Going up the 4R was much easier than going down. Fighting gravity, I felt more in control of the clown car, getting up the hill in nearly half the time.
I rarely like turning around and going back the way I came when exploring, but I was out of options. I had more ruins to see and oceans in which to swim.
I trailed back until I saw some signs and figured out I had just been to Tris Eklissies. Almost as soon as I figured out where I was and the direction in which I wanted to go, I happened upon the ruins of Gortys.
An interesting mix of Roman and Greek, this housed some ancient greek code of law that was carved into a wall.
I was outta there in less than twenty minutes.
However, I saw a postcard in the gift shop showing a picture of Matala. I went back to my map and saw that the venerable Matthew had circled it and Feistos
A passing sign indicated that the ruins of Feistos were on the way.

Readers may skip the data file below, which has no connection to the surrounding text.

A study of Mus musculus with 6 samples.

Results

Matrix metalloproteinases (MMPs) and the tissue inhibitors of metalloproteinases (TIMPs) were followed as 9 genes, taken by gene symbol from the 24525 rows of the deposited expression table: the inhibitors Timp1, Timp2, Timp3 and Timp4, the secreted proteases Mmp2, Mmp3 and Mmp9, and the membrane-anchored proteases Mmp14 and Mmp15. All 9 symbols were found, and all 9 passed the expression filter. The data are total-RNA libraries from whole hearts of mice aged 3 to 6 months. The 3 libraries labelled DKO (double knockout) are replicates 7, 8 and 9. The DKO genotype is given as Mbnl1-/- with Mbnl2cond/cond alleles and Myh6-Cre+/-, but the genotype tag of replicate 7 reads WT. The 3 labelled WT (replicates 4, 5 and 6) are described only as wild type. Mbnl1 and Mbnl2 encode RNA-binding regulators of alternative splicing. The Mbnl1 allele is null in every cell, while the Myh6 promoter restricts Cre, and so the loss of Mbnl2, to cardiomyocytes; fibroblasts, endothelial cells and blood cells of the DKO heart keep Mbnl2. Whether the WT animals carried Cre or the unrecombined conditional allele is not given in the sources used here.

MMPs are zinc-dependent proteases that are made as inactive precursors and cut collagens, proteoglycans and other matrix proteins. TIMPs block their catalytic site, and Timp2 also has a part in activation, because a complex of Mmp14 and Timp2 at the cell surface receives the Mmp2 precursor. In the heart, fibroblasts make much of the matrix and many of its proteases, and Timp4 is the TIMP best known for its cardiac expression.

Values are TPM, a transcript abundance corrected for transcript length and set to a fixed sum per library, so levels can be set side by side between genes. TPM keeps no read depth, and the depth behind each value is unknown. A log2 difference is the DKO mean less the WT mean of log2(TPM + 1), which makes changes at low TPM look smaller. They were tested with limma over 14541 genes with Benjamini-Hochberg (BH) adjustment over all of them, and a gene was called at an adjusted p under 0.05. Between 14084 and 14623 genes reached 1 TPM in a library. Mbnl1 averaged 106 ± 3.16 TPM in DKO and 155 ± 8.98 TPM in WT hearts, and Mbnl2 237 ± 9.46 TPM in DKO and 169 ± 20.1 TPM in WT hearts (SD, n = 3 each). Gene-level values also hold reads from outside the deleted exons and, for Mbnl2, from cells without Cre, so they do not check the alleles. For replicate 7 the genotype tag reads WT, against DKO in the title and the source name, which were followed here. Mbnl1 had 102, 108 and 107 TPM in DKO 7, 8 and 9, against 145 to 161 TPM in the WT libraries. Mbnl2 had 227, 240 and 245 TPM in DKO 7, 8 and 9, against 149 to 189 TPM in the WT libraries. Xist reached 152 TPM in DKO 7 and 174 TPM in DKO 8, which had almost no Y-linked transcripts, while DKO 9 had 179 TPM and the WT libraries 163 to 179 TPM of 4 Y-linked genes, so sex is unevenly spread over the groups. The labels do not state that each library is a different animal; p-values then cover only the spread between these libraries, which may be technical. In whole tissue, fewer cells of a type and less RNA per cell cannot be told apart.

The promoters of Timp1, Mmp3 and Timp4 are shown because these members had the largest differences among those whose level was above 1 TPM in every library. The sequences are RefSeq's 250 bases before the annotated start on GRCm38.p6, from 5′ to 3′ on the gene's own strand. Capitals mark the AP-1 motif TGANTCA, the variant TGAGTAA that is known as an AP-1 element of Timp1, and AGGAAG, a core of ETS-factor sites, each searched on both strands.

Some curved roads, a stop for a Fanta, and I was there.
It was about mid day at this point but no one was around Feistos.
Must’ve been lunchtime or the tour the pottery factory or something.
It was mostly steps. For old steps, these stairs were pretty impressive, but I really like the floor which still showed a mondrianesque array of white squares bordered by red veins. I did notice that just like at Knossos, there were deep round holes in the ground. Apparently Archaeologists think these cisterns were used rubbish or grain storage.
I laughed at this, screamed, ‘Red Sauce on Pasta!” and punted a Persian into the pit in slow motion.
After a number of photos of steps and rubble, I hopped back in the clown car and made my way to Matala.